Birds occasionally do develop tumours but not all lumps on a bird is a tumour. Some are abscesses, caused by a localised infection. Others are fatty lumps (lipomas) which are just a collection of fat below the skin and are harmless although occasionally unsightly. A female bird may even appear to have a lump which turns out to be an unlaid egg. Even if the lump does turn out to be a tumour it is still not necessarily serious news. Many tumours are benign, which means that although they are a mass of cells growing where they should not, they are dividing relatively slowly and they will not migrate to any other parts of the body, thereby compromising other organs. These benign tumours can eventually cause a problem, in that they might press on nearby organs or blood vessels, but most of them will allow the bird to live a normal lifespan and will not be the cause of death, as a rule. A malignant tumour is another matter, although not necessarily a death sentence any more than it would be for a person. A lot will depend on where the tumour is and how aggressive it is.
Common malignancies in birds
Generally, the older the bird and the more purely bred it is, the more likely it is to develop a malignant tumour. Malignancies are not that common in birds but if one is diagnosed there are treatments which are either a complete cure or a palliative regime which will prolong life and make the bird more comfortable and may even give remission. Skin malignancies are sometimes encountered and these are more likely in birds that over-preen or pick at a particular point on their skin. This constant damage can cause cells at the point of injury to mutate and then they can become cancerous. Fibrosarcomas, although not technically tumours of the skin, are near the surface as a rule because they are tumours of the connective tissue. They are usually found on breastbones or where a limb meets the trunk. They are generally relatively slow growing and donít tend to metastasize (spread to other areas of the body or other organs to cause secondary cancers) too much.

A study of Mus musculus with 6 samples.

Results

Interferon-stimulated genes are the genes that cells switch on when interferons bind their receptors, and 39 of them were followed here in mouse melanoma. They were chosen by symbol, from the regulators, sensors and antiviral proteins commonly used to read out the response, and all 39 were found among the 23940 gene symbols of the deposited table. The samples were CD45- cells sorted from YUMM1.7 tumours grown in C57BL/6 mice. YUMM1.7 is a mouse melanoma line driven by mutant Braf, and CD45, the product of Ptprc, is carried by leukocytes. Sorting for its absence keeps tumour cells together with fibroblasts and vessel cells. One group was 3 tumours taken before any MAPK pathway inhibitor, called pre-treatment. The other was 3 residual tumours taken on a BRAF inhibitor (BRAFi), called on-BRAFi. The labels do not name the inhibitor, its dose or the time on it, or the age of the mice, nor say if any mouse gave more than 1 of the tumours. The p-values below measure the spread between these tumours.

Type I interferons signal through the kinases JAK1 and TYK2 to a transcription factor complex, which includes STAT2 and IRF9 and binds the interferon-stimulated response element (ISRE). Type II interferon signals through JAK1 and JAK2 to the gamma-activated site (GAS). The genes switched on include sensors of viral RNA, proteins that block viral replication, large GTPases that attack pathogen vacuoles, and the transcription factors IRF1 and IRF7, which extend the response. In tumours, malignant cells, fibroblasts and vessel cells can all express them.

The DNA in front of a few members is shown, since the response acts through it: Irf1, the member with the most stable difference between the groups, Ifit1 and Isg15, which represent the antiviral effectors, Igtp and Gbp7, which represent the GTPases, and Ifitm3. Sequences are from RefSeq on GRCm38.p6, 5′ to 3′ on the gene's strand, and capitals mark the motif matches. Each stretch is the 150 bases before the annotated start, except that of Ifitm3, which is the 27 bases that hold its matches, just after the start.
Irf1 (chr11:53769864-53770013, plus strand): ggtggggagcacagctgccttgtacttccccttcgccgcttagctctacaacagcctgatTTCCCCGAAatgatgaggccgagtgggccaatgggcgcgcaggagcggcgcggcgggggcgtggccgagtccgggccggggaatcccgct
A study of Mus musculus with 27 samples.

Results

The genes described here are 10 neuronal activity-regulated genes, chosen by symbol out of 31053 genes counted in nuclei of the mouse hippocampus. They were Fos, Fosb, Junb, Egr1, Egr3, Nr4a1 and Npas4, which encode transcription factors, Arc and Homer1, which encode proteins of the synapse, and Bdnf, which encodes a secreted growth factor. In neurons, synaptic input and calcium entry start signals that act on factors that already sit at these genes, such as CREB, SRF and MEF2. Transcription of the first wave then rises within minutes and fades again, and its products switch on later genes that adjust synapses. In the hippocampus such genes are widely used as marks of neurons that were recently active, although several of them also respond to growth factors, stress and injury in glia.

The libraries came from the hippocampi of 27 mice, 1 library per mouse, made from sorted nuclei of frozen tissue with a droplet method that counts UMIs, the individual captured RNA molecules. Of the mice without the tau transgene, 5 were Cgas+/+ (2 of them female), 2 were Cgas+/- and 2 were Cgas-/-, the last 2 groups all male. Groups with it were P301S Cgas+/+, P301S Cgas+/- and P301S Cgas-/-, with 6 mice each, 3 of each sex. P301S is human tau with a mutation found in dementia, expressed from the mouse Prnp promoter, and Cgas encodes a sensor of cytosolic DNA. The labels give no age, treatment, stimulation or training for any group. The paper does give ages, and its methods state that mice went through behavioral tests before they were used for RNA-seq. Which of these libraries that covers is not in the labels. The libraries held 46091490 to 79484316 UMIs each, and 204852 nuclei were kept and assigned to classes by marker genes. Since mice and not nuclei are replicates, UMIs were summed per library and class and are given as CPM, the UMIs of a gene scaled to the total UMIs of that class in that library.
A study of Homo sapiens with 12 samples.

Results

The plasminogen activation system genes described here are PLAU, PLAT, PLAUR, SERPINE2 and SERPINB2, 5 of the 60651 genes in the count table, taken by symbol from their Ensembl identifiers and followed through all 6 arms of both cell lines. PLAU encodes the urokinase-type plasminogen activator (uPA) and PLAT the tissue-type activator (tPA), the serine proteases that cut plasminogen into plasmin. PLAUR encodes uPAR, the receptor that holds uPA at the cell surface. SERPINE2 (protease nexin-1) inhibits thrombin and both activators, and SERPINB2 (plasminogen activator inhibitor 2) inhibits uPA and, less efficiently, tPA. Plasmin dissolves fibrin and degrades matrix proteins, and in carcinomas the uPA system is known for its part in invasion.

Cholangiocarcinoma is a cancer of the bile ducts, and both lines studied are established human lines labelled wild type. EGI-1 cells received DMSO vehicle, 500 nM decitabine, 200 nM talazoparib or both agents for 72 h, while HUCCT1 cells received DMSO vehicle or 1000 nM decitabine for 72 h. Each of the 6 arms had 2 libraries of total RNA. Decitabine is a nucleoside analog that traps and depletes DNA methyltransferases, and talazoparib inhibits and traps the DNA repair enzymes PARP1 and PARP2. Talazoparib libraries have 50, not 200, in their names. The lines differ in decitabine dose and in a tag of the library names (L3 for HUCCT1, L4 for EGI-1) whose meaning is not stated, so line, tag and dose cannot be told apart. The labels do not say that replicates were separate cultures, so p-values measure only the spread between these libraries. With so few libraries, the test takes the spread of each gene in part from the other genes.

Internal tumours in birds
Internal organs can also develop tumours, most commonly the reproductive organs and the gut. Of these, the former are more likely to metastasize and in this case prognosis is very poor. In the gut, secondaries are a little less of a problem but of course a large tumour in the gut can close off the alimentary canal causing an obstruction, which will be fatal very quickly unless it can be reduced in size. The lymph system is also prone to malignancy and this is to all intents and purposes impossible to treat as the treatment is so harsh. Benign lymphatic tumours are also found and are treatable.
Treatments are available for malignancies in birds, but, as with people, they are quite harsh, long term and with no guarantee of success. Whereas with a mammal most internal organs are reasonably easily accessed for surgery, the shape of a birdís body means that most organs are packed very tightly behind the breastbone and in some cases, for example the kidneys, surgery is so difficult as to be considered impossible for all practical purposes. If the tumours have developed secondaries, again surgery would be considered not advisable as the risks would be too great and it would not be in the birdís best interests. If the tumour is benign, then most vets would advise leaving it alone unless it is causing other problems, such as an obstruction, difficulty breathing or if it is pressing on a nerve and so causing lameness or other mobility issue.
Surgery on tumours
The tumours which are best treated with surgery are skin malignancies and the fibrosarcomas, which are near the surface and easy to reach, even if it may mean amputation of a wing or leg. Quite rarely, a vet will attempt radiotherapy or chemotherapy. This is not really with any hope of cure but both treatments will shrink a tumour temporarily and give a few more weeks or months of comfortable life. Birds are generally so small that targeting the radiotherapy can be very difficult and so whole body radiation is used, which of course will knock out bone marrow as well, leaving the bird at risk of infection so it is used sparingly on much loved companion birds, as the quality of life is unlikely to be high.
Early detection will help
If the tumour is discovered at an early stage, treatment is more likely to be successful, mainly because the tumour will be a smaller size and also the bird will be in better general condition than if it has been suffering from the tumour for some time before its detection. Especially with tumours which cause obstruction, a bird can become very ill with loss of appetite and weight loss, leading to vitamin deficiencies, trouble with feathers and skin and leaving it open to infestations of mites and protozoa and infections from bacteria and fungi which it would in health have shrugged off with minimal treatment. Getting to know your bird and having it comfortable with being handled and checked over will make sure that any abnormalities will be detected quickly and even if at the end of the diagnostic process nothing can be done, at least you will be secure in the knowledge that your bird will not have been suffering unduly.